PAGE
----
Penalty clause is unlawful

Giraud UK Limited v Smith unreported June 2000, EAT

Smith’s contract contained an express clause which provided that, if Smith failed to give four weeks’ notice or failed to work his notice, Giraud could deduct from his final salary a sum equivalent to the amount of notice not given or worked. Smith resigned and left employment immediately. Giraud then withheld a sum equivalent to four weeks’ pay. Although Smith’s subsequent constructive dismissal claim was unsuccessful, the tribunal held the clause was a penalty clause and unenforceable.

Giraud appealed, arguing the clause was a lawful liquidated damages clause. The EAT found

that the clause enabled Giraud to deduct up to four weeks’ pay if the relevant notice was not given (or worked), irrespective of whether Giraud suffered any actual loss. Further, Giraud had an unlimited right to recover damages from Smith if its actual loss exceeded four weeks’ pay.

There had been no genuine pre-estimate of loss by Giraud and the purpose of the clause was to deter employees from leaving without giving notice. Consequently, it was a penalty clause and unenforceable. The appeal was dismissed.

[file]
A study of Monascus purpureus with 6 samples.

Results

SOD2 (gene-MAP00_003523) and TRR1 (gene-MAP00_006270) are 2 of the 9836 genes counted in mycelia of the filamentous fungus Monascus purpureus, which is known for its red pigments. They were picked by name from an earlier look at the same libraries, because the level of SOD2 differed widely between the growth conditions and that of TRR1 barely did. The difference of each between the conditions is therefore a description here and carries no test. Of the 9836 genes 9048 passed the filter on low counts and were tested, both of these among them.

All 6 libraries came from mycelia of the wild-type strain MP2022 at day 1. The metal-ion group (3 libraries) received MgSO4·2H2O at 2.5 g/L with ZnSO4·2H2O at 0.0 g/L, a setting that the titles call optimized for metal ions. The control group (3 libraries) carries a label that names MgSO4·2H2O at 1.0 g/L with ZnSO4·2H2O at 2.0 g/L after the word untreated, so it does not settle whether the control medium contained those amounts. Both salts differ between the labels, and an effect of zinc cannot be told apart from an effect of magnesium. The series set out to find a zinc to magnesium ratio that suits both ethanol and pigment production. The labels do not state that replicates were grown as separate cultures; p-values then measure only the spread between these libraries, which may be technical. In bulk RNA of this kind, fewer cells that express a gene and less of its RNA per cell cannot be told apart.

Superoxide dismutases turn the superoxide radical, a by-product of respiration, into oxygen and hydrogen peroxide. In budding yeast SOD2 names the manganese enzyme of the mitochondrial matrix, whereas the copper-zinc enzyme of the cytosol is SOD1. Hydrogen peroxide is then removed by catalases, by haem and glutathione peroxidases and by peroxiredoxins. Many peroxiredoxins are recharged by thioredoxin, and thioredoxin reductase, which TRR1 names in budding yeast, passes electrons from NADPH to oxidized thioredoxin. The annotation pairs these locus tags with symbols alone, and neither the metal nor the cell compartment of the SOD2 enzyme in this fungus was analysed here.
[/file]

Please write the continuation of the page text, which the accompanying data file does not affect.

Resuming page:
Advance notice of changes could constitute a breach of contract

Nelson v Kingston Cables Distributors IRLB 645 EAT

While on maternity leave, Nelson was informed by letter that she would be required to perform a different role on her return to work. She refused to accept the changes and resigned but her constructive dismissal claim was dismissed.

The tribunal held Nelson had acted prematurely. Nelson had not returned to work and so had not actually been given a different role.

Nelson successfully appealed. The tribunal had erred in two respects. First, it failed to make a clear finding about whether the new role constituted a fundamental change giving rise to a possible repudiation by Kingston. Second, it failed to consider whether the letter constituted an anticipatory repudiation of the contract.

The EAT considered the letter was a clear indication there would be a fundamental change to Nelson’s role on her return to work and that Nelson had to accept this role if she returned from maternity leave. Further, the letter could be interpreted as Kingston’s advance intention not to be bound by its original contract. This could give rise to an anticipatory repudiatory breach enabling Nelson to treat the contract at an end. The case was remitted back to the tribunal.